Always Have a Plan

fair-food.jpgA few months ago, our dieter Jennifer attended a local festival in her town.  Before she went, she wrote down her plan. She had no trouble resisting all sorts of fried foods and local goodies and she was able to stay in control.  However, Jennifer brought food home for her family to sample and ended up eating some unplanned treats.  Because Jennifer had been working with us, though, she knew exactly what to say to herself to get back on track immediately (discussed on Day 20 of The Beck Diet Solution).

Jennifer has plans to attend a similar festival this weekend. When we asked her what her plan was, she related a sabotaging thought that was, “I’ve gotten so good at getting back on track, that I’m not going to make a plan in advance.” We went over the importance of always having a plan, even if it’s a special occasion. For example, Jennifer could plan in advance to eat four hundred calories more than usual. But we didn’t want her to go without a plan and end up eating thousands of extra calories.

Jennifer seemed unconvinced, so we decided to make a list of the advantages and disadvantages of making a plan for the festival.  Looking at them in black and white convinced her that she did indeed want to have a plan. One of the most compelling advantages was that she would be able to enjoy her splurge thoroughly and not feel guilty and out of control. Jennifer concluded that she will definitely go to the festival with a clear plan in mind. 

2 replies
  1. Marion
    Marion says:

    Should I have a plan for illness?

    Having a plan has gotten me through some situations that would have been very tough for me in the past: eating out, parties, buiseness functions.

    What I’m wondeirng is if I should have a plan for days when I am physically not able to follow the plan I made for the day/week etc…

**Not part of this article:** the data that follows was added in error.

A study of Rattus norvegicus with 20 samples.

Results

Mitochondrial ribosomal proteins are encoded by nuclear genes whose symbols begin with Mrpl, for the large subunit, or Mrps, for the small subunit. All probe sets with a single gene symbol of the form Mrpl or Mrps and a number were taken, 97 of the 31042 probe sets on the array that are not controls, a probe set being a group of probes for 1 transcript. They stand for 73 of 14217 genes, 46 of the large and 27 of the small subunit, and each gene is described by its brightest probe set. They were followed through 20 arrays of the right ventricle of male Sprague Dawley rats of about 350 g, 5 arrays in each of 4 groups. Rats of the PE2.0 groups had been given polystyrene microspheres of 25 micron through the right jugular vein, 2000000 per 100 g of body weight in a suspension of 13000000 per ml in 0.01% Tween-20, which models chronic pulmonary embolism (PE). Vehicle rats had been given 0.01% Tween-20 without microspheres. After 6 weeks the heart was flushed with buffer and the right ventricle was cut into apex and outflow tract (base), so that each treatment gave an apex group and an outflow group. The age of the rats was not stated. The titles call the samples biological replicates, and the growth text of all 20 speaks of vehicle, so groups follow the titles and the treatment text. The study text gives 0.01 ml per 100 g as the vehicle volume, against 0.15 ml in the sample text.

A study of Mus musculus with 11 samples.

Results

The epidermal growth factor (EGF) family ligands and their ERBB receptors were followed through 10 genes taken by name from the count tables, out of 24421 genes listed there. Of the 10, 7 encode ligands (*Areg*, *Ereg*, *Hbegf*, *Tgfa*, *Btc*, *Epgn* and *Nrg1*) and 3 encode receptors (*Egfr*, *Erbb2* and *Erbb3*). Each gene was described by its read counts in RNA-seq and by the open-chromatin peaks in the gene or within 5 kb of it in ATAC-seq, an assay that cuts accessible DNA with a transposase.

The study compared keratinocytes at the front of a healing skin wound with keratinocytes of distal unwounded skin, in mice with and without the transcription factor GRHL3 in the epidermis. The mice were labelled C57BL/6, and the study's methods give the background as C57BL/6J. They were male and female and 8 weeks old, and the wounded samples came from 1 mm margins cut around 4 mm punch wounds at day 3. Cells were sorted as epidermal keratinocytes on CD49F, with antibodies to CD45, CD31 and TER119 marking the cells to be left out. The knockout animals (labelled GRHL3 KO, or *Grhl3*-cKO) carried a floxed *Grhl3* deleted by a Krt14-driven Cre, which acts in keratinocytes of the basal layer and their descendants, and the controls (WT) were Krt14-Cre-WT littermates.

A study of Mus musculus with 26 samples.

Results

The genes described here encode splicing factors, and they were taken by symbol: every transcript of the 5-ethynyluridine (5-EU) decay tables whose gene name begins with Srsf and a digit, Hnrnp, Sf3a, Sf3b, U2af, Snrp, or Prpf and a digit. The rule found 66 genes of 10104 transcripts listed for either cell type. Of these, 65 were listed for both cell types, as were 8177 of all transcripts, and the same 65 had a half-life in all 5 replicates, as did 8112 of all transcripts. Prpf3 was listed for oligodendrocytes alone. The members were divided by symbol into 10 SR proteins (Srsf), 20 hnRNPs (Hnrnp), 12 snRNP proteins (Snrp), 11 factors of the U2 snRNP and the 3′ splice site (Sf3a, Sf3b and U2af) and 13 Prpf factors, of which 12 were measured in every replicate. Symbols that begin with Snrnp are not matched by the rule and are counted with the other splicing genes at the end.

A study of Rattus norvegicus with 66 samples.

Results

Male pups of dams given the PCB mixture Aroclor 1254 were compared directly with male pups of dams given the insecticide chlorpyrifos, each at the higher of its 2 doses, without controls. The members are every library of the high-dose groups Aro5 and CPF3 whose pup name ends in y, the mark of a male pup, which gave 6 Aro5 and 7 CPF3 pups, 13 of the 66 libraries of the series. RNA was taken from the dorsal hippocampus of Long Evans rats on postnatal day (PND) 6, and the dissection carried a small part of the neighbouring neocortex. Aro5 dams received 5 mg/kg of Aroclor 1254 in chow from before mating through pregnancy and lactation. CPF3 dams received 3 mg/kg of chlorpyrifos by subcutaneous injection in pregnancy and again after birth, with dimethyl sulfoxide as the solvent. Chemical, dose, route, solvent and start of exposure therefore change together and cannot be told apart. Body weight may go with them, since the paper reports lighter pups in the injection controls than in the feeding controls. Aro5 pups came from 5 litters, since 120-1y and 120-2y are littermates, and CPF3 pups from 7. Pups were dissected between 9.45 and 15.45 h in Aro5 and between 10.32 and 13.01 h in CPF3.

How can I determine if I should make an exception to the “exercise no matter what” rule? I’m sure we’ve all had times when we pushed ourselves when we shouldn’t have and ended up unable to exercise for longer than we should have been.

    When I’m sick, I know there are times when I should “listen to my body” about what to eat or not to eat, but to be honest I don’t trust myself. There have been many times in the past where I have stopped my diet and exercise plan because of an illness, but I never quite got back to it.

    Through the BDS program I have learned the power of having a plan, but I’m not sure how to apply it to this situation.

  2. Helene
    Helene says:

    I also struggle with certain aspects of developing a plan. I have an extremely hectic, rapidly changing schedule and a long day. Sometimes I think I’ll be able to do something for lunch – and that will change. I do my best – by developing a daily general plan with some flexibility built in – for example -for a particular meal, staying within allowed Points value (I follow Weight Watchers), or writing down 2 to 3 options for a meal.

    Thoughts on how others handle this would be greatly appreciated!

    Perhaps with something such as an illness, a plan of what not to eat may work. When I have gone away for a weekend – I don’t know where we’ll be eating, so I develop a plan -or rules something like:
    -No sweets, only one piece of bread before dinner, limit 2 glasses of wine at dinner only, stick with “program” breakfast and lunch”, and modest portions at dinner.

    Having a “what not to eat” plan has helped me in situations I can’t plan for.